On Friday, we were introduced to the Houston Texans' fourth head coach in franchise history. His name is David Culley, and on the surface, his resume is one that, at the very least, ignites some questions, and at worst, exacerbates the fears that Texans fans have that their team is headed on a futile death march over the next two to three seasons, at least.
You see, Culley is a 65 year old coaching lifer, who's never been a coordinator in his NFL career, let alone a head coach. That's the confusing, possibly very native part of the David Culley story. The nice part is that he seems like a genuinely good human being and swell guy. The only problem is that being a swell guy doesn't mean you'll be good at your job. (See: Mercilus, Whitney)
However, this is the path that Cal McNair, Nick Caserio, and (mostly, methinks) Jack Easterby have chosen. It is the David Culley Show, and Deshaun Watson or no Deshaun Watson, there is work to be done. So let's advise Culley on what his early to-do list should look like:
4. Establish boundaries on Jack Easterby
There were a lot of people inside the building, and millions of Houstonians, hoping that Cal McNair would arrive at a mutual parting of the ways with EVP of Football Operations (and former chaplain, and all-time meddler and blame dodger) Jack Easterby. That has not happened. We will get to what Easterby's presence means to Deshaun Watson in a minute, but if Easterby is going to be around, Culley has to establish boundaries that keep him away from the team on game day and during "football things," like practice and the team hotel. Reports were that Easterby would sometimes give weird, meandering, awkward pep talks to the team the night before games. That has to stop. I'm concerned, though, part of the selection of Culley is that he may be a guy who welcomes this type of stuff. We shall see.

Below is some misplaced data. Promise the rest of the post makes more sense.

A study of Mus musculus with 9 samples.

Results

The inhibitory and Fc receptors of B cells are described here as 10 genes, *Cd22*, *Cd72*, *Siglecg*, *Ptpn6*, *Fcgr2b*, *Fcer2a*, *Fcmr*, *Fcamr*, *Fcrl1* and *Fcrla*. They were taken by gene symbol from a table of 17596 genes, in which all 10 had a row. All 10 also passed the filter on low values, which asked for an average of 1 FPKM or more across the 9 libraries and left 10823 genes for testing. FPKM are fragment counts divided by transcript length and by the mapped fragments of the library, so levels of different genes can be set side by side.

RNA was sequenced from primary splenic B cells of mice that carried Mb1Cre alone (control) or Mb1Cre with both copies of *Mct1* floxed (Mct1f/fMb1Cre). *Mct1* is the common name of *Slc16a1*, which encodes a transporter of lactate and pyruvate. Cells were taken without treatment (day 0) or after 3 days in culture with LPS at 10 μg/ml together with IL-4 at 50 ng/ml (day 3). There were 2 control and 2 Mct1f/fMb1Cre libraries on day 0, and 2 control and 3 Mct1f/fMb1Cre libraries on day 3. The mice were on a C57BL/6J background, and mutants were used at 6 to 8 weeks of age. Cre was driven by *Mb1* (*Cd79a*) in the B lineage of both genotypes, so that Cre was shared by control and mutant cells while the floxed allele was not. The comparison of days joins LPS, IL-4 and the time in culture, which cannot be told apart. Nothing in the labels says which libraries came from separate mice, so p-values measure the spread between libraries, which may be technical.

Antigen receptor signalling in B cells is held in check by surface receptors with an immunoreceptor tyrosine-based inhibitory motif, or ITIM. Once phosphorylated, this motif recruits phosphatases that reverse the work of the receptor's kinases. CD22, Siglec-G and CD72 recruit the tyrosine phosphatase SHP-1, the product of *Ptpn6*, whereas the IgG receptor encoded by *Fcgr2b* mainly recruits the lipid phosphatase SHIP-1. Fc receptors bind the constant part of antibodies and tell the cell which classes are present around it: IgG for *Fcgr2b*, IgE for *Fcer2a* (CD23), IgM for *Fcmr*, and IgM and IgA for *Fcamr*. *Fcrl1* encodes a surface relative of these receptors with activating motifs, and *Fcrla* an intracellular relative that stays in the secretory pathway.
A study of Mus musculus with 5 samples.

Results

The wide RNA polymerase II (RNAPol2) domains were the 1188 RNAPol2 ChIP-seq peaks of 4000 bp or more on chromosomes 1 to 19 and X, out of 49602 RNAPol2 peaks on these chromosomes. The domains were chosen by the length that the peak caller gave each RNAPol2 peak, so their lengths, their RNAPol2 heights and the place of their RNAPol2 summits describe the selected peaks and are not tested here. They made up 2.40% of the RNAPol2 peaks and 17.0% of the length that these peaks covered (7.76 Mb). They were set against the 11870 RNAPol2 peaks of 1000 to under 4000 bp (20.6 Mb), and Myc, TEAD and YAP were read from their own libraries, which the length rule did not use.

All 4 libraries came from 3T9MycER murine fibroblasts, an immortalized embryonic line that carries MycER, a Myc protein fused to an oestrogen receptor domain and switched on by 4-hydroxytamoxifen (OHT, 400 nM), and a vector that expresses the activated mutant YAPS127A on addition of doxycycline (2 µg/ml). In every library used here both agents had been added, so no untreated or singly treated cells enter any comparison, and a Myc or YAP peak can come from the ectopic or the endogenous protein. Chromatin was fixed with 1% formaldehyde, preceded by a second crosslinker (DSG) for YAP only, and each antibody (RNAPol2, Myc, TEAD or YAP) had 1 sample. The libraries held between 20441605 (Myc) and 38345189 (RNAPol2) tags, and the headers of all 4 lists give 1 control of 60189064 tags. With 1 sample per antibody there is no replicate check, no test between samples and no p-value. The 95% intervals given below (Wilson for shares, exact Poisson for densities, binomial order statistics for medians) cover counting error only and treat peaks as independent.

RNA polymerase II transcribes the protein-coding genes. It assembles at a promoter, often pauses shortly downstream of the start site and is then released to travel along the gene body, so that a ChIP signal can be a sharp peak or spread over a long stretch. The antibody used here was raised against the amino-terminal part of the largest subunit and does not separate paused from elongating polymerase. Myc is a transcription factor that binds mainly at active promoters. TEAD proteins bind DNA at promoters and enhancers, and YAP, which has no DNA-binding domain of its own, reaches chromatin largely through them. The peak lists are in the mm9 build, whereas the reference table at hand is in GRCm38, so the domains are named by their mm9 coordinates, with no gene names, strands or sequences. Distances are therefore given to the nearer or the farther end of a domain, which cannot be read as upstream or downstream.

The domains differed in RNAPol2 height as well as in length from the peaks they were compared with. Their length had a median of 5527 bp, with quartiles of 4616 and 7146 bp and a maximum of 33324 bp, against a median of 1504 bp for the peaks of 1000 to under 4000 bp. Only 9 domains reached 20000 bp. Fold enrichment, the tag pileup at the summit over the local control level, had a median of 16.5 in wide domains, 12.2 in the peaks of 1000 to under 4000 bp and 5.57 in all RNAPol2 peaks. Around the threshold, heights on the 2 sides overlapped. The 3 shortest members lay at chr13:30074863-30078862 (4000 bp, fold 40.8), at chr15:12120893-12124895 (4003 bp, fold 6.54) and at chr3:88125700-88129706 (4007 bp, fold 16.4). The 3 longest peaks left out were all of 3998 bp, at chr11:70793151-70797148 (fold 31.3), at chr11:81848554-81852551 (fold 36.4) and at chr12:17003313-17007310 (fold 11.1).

3. Start digging in on the defense with new DC Love Smith
Let's get this out of the way — without Watson, this team might go 0-16, so to prioritize one problem over others is to assume that, for now, they aren't trading Deshaun Watson. So, if that's the case, it is very clear that the defensive side of the ball is where attention needs to be devoted. Culley has spent his career coaching on the offensive side of the ball — most notably, many years as a wide receivers coach in Philadelphia, Kansas City, and Baltimore — but if he is going to be the CEO of this team, the CEO at least needs to familiarize himself and begin strategizing on how to fix the weakest part of the team. Sadly, he will likely be doing so with a trade of J.J. Watt looming in the background.
2. Hire a great offensive line coach
Of all the position coach hires that Culley MUST get right (assuming he is the one making these hires, because it does feel like half the staff had already been hired or agreed to before Culley became the head coach), finding a successful offensive line coach is imperative. Other than quarterback, it's the one area where (a) they have the most draft capital and cap dollars invested (multiple first round picks, multiple top of market contracts), and (b) if Watson IS on the team, developing the talent in-house on the offensive line is the quickest path back to respectability without having to shopping for expensive free agents. They HAVE to get the offensive line coach hire right, if the goal is to get back to the playoffs in 2021.
1. Repair the Deshaun Watson relationship
This looms over everything. The latest on Watson from a national writer in the know comes from Peter King of NBCSports.com, the Hall of Fame NFL scribes nd it was this in his Monday column:
When the team chose to keep EVP Jack Easterby (a major bone of contention with players, who do not trust him), that further soured the players, including Watson.
Close observers think there will be no real forward progress with Watson as long as Easterby is in the picture. Obviously, the question is whether Watson has the guts.
Lovely. I don't know how impactful Culley is going to be, in the short term at least, in convincing Watson (or his agent, David Mulugheta) of moving off his stance, when my guess is Watson didn't even know he existed until week ago. Culley is going to have an uphill climb convincing Watson to return, and he will be fired after two seasons if Deshaun is traded. That's where we are right now.